Kerala High Court: Settlement Doesn't Quash Abetment of Suicide Charges

Kerala HC rules: Abetment of suicide cases can't be quashed based on settlement alone. Strong evidence warrants continuation of proceedings.

The Kerala High Court recently ruled that cases of abetment of suicide can't be quashed solely due to a settlement between parties if there's prima facie evidence under Section 306 of the Indian Penal Code.

Justice A. Badharudeen stated that quashing such cases based on settlement is possible only when the facts don't support the allegations.

"The law regarding quashment of a crime alleging commission of offence punishable under Section 306 of IPC is that when the facts of the case placed on materials could not constitute anything to substantiate prima facie commission of offence punishable under Section 306 of IPC, in such cases as an exception to the general rule, quashment of the said crime, under Section 482 of Cr.P.C is legally permissible. At the same time, when the prosecution materials are sufficient, prima facie, merely because of settlement, a crime alleging commission of offence punishable under Section 306 of IPC cannot be quashed. In fact, in such cases the relatives could not settle the case either by filing affidavit or otherwise," the Court ruled.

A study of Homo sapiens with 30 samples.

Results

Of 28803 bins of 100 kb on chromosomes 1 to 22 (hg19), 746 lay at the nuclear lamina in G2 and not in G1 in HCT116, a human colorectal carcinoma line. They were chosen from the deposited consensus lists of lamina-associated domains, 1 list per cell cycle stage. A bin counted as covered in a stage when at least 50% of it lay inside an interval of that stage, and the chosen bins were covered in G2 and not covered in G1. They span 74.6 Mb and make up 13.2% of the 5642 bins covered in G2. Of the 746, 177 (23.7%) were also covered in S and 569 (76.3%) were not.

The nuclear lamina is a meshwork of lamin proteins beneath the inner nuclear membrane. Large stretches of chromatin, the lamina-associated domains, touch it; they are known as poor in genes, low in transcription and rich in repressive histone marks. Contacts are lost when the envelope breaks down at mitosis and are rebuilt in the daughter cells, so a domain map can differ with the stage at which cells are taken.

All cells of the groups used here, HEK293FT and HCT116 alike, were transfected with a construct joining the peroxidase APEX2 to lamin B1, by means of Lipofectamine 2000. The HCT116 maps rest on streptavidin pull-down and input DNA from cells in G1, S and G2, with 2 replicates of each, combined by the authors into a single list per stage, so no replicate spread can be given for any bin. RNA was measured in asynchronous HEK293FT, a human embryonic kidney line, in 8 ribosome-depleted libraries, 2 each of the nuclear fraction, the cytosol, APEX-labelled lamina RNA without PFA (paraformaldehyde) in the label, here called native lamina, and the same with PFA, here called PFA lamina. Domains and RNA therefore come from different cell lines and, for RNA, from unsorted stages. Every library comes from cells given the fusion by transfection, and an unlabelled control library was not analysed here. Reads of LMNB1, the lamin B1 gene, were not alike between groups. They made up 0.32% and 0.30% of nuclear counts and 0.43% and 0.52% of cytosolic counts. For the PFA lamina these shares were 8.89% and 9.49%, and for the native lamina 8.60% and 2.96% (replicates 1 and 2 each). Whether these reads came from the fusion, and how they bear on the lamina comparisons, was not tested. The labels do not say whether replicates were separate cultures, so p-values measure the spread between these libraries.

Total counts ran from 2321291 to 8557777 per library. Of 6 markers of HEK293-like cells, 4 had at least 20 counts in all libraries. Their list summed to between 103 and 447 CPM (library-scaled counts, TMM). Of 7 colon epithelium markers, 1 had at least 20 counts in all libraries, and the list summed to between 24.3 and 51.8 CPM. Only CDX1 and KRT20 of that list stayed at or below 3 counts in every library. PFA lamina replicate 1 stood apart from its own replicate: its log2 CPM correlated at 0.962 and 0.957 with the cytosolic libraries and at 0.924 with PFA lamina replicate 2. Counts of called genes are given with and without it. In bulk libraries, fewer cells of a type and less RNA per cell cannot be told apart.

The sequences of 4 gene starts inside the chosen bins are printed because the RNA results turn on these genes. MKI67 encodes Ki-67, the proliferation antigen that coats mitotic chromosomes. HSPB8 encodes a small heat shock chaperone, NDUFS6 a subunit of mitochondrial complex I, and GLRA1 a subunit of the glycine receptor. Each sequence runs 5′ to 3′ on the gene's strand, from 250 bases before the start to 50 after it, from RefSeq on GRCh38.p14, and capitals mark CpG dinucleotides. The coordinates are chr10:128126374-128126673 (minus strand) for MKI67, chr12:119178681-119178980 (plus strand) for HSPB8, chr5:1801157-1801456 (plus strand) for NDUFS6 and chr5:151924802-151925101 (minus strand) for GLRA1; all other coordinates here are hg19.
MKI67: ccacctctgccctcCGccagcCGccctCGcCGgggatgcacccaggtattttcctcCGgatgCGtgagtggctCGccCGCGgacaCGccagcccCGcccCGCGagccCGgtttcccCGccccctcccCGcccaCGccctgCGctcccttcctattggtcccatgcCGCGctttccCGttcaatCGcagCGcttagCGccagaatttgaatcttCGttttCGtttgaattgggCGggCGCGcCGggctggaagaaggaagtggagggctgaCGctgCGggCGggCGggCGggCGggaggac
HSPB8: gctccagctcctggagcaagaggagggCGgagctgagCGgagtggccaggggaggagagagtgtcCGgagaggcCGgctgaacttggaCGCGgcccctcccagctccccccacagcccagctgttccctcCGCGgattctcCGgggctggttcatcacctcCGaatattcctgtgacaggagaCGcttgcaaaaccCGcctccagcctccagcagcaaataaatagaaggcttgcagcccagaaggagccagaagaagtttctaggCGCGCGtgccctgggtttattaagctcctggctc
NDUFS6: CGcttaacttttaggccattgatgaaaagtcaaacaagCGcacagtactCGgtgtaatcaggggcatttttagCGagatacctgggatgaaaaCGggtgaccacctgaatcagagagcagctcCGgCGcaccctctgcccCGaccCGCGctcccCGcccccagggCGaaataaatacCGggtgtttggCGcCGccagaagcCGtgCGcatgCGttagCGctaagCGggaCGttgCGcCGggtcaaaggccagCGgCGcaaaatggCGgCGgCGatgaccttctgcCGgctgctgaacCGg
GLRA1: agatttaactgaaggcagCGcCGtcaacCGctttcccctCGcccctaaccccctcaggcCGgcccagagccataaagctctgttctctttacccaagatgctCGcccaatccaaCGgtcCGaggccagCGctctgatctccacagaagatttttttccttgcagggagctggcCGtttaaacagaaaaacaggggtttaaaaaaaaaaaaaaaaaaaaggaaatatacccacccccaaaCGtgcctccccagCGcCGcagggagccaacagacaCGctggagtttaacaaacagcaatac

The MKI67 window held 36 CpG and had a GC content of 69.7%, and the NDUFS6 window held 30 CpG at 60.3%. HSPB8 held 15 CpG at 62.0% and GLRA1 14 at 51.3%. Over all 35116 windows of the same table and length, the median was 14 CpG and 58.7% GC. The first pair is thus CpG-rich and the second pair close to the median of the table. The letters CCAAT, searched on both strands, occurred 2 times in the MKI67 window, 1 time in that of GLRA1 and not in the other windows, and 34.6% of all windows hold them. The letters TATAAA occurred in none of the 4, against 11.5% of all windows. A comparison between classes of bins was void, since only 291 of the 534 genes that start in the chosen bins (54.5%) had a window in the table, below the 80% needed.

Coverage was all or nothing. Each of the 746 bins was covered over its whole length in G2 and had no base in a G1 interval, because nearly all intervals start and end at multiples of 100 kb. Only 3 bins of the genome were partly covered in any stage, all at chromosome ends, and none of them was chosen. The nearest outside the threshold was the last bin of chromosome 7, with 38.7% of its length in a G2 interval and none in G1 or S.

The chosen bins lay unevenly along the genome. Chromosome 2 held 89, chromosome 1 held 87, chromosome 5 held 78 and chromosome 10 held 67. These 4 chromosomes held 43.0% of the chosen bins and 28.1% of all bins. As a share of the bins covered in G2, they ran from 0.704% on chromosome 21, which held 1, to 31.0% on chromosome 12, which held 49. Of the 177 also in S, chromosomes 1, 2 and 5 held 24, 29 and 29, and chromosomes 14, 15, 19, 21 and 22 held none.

The case involved a couple seeking to quash charges of abetting the suicide of the man's mother. They claimed innocence and asserted that misunderstandings were resolved after discussions within the family.

However, the prosecution argued against quashing, citing evidence including a suicide note alleging harassment and threats by the petitioners over property matters.

Referring to precedent, the Court emphasized that criminal proceedings shouldn't be terminated solely due to settlement, quoting the decision in Daxaben v. State of Gujarat & Ors.

After reviewing the facts, the Court concluded that strong evidence warranted continuation of proceedings, dismissing the petition and directing further investigation.

The petitioners were represented by advocate Celine Joseph, while Senior Public Prosecutor Renjith Grorge appeared for the State.